The last thing I remember is seeing Jeff Schmuck. I thought it was kind of cool. Like damn, that’s Schmuck right there. Huh. Then I turned back to the double G&T that Mr. Bishop had placed in my hand, and everything goes black.
Apparently I later bowled my glass across the Embassy Suites parking lot, and was pleased with its destruction but I can’t say for certain. The next concrete memory I have is blinking awake on an uncomfortable bed in a strange, bright room. I tried to take stock of the situation and stumbled towards the front desk to ask the nurses exactly what the fuck was going on.
“You are at Denver CARES, sir. Please step away from the desk,” they explained. This didn’t make sense to me. I’m not from around here, I said. I have literally no idea what’s going on. “Do you need to go to solitary, sir?” No, I didn’t. I just needed to find out what the fuck happened to me. I was confused, had no phone, no wallet and none of the possessions I had begun the evening with. I got a phonebook from a dude who looked uncomfortably like Ted Kaczynski, and found the number for our hotel.
By some stroke of good fortune I managed to get through to our room and tried to explain my situation to Bishop. I think I’m at the hospital, I said. Or maybe jail, I don’t understand. Laughter ensues from the room on the other end of the line. Then one of the other patients behind me set the record straight: dude, you’re in detox.
The Stalinist front desk operators made it abundantly clear that I wasn’t going anywhere until my “sober time” at 2:30 in the afternoon. So for the rest of the day I slept, stressed out and got to know the assortment of alcoholics, heroin addicts and other productive members of society that had, in their own way, ended up in detox. There was a guy with a cataract and track marks who was wearing a blanket as a shirt, and a Mexican dude who slept sitting upright and swore loudly in Spanish through his sleep.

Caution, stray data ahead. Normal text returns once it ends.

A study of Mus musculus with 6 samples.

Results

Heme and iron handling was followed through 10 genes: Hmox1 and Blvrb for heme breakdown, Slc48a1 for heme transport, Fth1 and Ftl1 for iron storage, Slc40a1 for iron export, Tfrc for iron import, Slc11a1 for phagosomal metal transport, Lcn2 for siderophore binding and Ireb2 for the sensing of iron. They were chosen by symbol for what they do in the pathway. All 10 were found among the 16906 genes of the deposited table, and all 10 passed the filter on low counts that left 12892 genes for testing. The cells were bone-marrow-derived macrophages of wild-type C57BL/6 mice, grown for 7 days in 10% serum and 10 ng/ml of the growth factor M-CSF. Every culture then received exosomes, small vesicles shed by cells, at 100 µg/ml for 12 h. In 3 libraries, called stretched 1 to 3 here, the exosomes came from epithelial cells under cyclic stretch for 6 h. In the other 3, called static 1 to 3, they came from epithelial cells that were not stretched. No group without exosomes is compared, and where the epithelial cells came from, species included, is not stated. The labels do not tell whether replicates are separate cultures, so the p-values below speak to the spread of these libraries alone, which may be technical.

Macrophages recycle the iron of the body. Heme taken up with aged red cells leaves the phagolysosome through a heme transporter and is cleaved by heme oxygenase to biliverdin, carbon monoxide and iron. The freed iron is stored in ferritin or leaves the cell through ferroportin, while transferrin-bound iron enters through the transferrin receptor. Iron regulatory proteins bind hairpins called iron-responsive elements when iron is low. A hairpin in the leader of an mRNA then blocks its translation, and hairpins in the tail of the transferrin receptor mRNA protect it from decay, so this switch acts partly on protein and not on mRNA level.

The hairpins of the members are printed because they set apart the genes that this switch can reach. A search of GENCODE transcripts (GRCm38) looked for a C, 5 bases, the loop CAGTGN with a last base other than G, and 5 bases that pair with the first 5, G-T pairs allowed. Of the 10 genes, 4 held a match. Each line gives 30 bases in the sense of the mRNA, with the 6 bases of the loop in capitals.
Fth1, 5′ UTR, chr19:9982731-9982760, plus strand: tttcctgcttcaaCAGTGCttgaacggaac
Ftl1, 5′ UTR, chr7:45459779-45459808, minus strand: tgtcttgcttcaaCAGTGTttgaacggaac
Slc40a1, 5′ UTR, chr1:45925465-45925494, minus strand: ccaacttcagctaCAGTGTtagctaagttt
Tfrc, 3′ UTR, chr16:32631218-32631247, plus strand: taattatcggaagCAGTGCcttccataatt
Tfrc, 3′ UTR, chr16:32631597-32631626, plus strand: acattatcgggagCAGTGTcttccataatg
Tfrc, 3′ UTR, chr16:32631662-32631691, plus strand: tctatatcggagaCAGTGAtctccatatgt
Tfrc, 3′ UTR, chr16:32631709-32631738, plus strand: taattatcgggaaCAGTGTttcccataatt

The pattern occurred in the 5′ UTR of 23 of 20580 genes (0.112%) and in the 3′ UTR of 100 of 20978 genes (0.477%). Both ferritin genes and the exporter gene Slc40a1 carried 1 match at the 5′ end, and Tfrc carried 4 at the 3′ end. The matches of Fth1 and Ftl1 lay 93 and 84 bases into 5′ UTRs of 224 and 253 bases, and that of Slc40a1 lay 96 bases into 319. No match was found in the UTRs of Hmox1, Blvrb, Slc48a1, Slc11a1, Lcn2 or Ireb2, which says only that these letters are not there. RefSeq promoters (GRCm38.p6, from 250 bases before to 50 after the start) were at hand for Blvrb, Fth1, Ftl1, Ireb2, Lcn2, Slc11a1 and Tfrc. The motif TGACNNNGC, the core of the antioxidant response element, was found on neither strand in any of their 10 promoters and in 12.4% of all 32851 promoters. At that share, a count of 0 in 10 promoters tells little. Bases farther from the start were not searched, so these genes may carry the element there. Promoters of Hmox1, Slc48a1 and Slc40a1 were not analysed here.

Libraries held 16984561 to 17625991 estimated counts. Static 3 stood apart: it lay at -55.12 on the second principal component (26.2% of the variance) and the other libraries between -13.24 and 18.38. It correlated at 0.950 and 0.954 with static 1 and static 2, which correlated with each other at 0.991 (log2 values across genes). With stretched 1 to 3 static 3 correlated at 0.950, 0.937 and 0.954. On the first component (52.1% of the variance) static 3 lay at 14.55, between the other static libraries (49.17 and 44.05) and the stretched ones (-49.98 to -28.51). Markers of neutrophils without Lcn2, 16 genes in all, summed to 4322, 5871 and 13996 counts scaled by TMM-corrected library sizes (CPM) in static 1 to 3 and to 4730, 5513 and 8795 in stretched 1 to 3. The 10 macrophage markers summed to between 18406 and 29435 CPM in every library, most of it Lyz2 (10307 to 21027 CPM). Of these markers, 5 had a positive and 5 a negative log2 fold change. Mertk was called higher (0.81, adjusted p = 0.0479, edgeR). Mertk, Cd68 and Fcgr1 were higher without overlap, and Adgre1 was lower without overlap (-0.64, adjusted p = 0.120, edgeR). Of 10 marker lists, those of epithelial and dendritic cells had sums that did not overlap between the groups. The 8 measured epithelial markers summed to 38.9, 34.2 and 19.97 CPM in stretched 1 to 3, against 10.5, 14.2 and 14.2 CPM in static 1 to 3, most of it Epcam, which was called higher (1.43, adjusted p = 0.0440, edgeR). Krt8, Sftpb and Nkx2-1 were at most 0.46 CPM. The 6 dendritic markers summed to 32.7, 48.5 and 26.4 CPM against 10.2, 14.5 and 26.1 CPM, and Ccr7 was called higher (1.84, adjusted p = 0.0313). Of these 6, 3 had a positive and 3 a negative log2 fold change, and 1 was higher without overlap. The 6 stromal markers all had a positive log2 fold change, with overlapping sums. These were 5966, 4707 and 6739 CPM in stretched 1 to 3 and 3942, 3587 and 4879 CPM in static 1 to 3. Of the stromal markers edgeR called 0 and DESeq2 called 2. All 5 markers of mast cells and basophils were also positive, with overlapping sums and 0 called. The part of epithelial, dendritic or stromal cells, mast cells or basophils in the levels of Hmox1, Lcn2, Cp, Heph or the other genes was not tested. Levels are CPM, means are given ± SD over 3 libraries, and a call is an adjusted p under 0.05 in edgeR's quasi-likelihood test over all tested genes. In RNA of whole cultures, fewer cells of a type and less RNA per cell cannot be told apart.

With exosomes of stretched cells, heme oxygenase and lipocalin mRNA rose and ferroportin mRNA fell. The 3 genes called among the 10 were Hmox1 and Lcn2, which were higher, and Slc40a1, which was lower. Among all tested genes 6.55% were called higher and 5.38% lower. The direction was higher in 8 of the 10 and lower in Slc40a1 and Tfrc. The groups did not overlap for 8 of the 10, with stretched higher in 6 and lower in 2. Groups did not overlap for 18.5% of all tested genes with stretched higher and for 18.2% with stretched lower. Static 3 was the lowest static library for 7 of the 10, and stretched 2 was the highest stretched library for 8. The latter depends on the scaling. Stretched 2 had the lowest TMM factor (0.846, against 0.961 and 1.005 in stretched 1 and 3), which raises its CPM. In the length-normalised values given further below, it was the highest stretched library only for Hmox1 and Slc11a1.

When they finally called my name for discharge, I was brought into a room where an intense black lady and I filled out paperwork. She told me I needed to chill out or else she would send me down the street to jail. I couldn’t tell what was un-chill about me signing papers and answering questions about my sexual history, but she wasn’t having any of it. She looked me in the eye and said “you know you blew a .24 when they brought you in here?!” I just stared at her dumbstruck, and giggled.
The funniest part to me was that I had been admitted and processed entirely under my brother’s name, because his ID was the first thing in my wallet. I just wanted to get the fuck out of there and I knew that explaining that my name wasn’t Dan or that I was 20, not 23, was going to open up a world of hurt for me. So I kept my mouth shut and forged a signature or two.I think that might make me a criminal, but the net result is that as far as the Denver health authority is concerned, it was Dan Turner who was picked up off some street at 2 o’clock in the morning approaching comatose levels of intoxication. Sorry, bro.
They told me my SIA cherry would get popped at some point, but goddamn. I just got fucking railed.